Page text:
Floor shopping? Here are questions you should ask


The flooring company also is facing a national class-action lawsuit over concerns about the quality of some bamboo flooring.

A local family shared their story as a warning to customers in metro Detroit.

"It was just demoralizing because we spent all this money and ... we're left with a house that has problems all over the flooring," said James Rose, who has been working on this battle with his parents.

First, a look back at a rocky time for Lumber Liquidators. In March of 2015, CBS "60 Minutes" reported the retailer's laminates from China contained excessive level of formaldehyde. Months later, the company stopped the sale of all Chinese-made flooring and the CEO resigned. Lumber Liquidators offered free independent air quality tests to give customers objective, scientific information about the flooring it has sold.

Bamboo flooring battle

As that problem was making national headlines, the Rose family of Lake Orion was fighting it's own battle with Lumber Liquidators over the Morning Star bamboo flooring they purchased in late 2014. The family paid about $11,000 for the flooring and installation started in February of 2015.

The contractor hired by the family, Tom Perry, says he saw problems with the flooring immediately. He says the bamboo started to separate just days after he started to lay it down.

"I've never had issue like this with any kind of flooring I've put in," said Perry, who has been in the home renovation business for 40 years. "I've worked with wood for a long time. I know it expands and retracts ... but this wood started doing it two to three days after we installed it."

The family was frustrated and started to appeal to Lumber Liquidators, looking for solutions. The contractor, Tom Perry, says he's guided several clients to Lumber Liquidators for flooring and never had an issue until now. He says a salesman told the family they wouldn't have any issues with the bamboo for 30 years.

Class-action lawsuit

That claim is reflected in a class-action lawsuit filed in California in December of 2014. Although it's received less publicity than the safety concerns, the suit raises some questions about Lumber Liquidators Morning Star bamboo flooring.

The suit alleges Lumber Liquidators has created expectations that its bamboo flooring will last for 30 years, but claims "the product is subject to premature cracking, splitting, warping, and shrinking all well before the warranted useful life."

The Rose family has reached out to the law firm behind the class-action suit and is considering whether they might join the suit or file their own legal action.

"It's very upsetting because we're just a small family and we're going up against a multi-billion dollar corporation," said James Rose.

Lumber Liquidators response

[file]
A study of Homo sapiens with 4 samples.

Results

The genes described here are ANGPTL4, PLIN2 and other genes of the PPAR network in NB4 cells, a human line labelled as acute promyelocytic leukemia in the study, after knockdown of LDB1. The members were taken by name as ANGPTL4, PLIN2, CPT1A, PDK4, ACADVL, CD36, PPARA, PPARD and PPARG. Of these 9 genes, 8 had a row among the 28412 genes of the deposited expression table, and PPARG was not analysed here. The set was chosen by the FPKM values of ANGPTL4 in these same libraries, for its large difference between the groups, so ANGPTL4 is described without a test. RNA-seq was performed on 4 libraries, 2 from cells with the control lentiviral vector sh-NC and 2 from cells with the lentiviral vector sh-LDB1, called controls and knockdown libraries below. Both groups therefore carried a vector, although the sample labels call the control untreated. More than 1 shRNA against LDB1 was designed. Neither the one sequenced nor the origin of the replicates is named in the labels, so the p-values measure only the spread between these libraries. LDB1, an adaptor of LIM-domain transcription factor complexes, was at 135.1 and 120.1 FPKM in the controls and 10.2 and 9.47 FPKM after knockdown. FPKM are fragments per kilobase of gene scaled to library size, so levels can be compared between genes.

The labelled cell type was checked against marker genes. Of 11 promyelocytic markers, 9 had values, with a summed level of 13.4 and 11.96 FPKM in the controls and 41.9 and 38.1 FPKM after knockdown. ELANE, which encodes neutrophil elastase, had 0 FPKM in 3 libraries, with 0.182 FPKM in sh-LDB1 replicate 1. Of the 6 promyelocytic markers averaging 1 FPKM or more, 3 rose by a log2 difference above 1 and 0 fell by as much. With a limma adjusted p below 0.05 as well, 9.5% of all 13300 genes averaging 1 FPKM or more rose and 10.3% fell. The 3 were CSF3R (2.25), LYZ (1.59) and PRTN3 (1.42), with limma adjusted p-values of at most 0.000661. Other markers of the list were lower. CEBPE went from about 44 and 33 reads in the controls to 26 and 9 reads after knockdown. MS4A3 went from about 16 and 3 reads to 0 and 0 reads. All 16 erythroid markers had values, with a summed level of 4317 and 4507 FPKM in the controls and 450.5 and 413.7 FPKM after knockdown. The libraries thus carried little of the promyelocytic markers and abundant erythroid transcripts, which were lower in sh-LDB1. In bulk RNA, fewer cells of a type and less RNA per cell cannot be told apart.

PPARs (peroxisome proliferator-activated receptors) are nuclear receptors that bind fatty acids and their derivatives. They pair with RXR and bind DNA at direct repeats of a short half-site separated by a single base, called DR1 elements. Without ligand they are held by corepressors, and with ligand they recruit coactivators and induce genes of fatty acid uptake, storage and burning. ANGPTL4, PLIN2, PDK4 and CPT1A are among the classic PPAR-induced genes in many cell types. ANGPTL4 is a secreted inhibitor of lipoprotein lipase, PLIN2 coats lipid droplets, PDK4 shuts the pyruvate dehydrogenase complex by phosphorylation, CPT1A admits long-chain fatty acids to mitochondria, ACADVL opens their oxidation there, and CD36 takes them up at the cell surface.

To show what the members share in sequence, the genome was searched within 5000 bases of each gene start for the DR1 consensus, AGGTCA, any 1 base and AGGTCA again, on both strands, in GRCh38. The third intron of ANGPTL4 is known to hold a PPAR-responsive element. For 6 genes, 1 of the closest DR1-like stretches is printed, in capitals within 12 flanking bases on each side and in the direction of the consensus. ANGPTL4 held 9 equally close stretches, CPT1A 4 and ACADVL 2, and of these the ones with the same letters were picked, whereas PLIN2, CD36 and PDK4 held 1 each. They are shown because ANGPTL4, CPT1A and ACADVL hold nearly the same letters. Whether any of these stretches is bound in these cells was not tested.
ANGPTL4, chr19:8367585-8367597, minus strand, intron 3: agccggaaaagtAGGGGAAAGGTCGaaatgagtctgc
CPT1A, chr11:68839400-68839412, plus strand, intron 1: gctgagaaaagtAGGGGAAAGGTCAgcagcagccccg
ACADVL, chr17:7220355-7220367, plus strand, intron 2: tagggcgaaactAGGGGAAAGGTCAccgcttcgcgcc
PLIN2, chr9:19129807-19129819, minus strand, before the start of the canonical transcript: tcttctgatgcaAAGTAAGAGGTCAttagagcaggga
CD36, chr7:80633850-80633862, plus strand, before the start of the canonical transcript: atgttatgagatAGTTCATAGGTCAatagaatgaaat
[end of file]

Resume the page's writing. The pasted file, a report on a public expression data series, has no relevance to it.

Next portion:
In a letter to the Rose family, Lumber Liquidators blames the issues in their home on problems with installation and complaints there may have been too much humidity in the family's Lake Orion home.

The contractor, Tom Perry, says he followed all the manufacturer specifications for installation. Perry and the Rose family are surprised humidity is getting the blame especially in Michigan.

"Their humidity level, I think, as far as any house in Michigan is regulated as good as you can get it," said Perry.

The Rose family would still like a full refund but Lumber Liquidators is not budging.

The family says they never thought to ask the salesperson about humidity levels in their home before buying the bamboo flooring, and they want other customers in Michigan to know that's apparently something you should be asking when you're at the store.

"I don't understand why they would sell a product in an area that has humidity that would impact all the homes," asks James Rose.

Help Me Hank contacted Lumber Liquidators on behalf of the Rose family. The company said it could not discuss the lawsuit as it does not comment on pending litigation.

A spokesperson released this statement:

"Lumber Liquidators' bamboo products are popular and beautiful flooring options that, like all flooring products, require proper installation and a suitable home environment for peak performance. Lumber Liquidators clearly communicates these processes and requirements to customers at the time of purchase. Nonetheless, we regret Mr. Rose's experience and sent an inspector to his home. The inspector found that the contractor did not test for moisture as required and failed to install transition strips that allow floating floors to move as intended. These issues were compounded by humidity levels in the home above 55 percent, a level that's not only not ideal for flooring, but breeds mold and other health issues. Lumber Liquidators recommends ensuring a thorough understanding of the product instructions before purchase and installation."

The bottom line, as you shop for new flooring, do your homework! A simple internet search could reveal questions and concerns you might never think  about when you start your search. Be prepared with a lot of questions before you visit any store, so you know you're ahead of the game.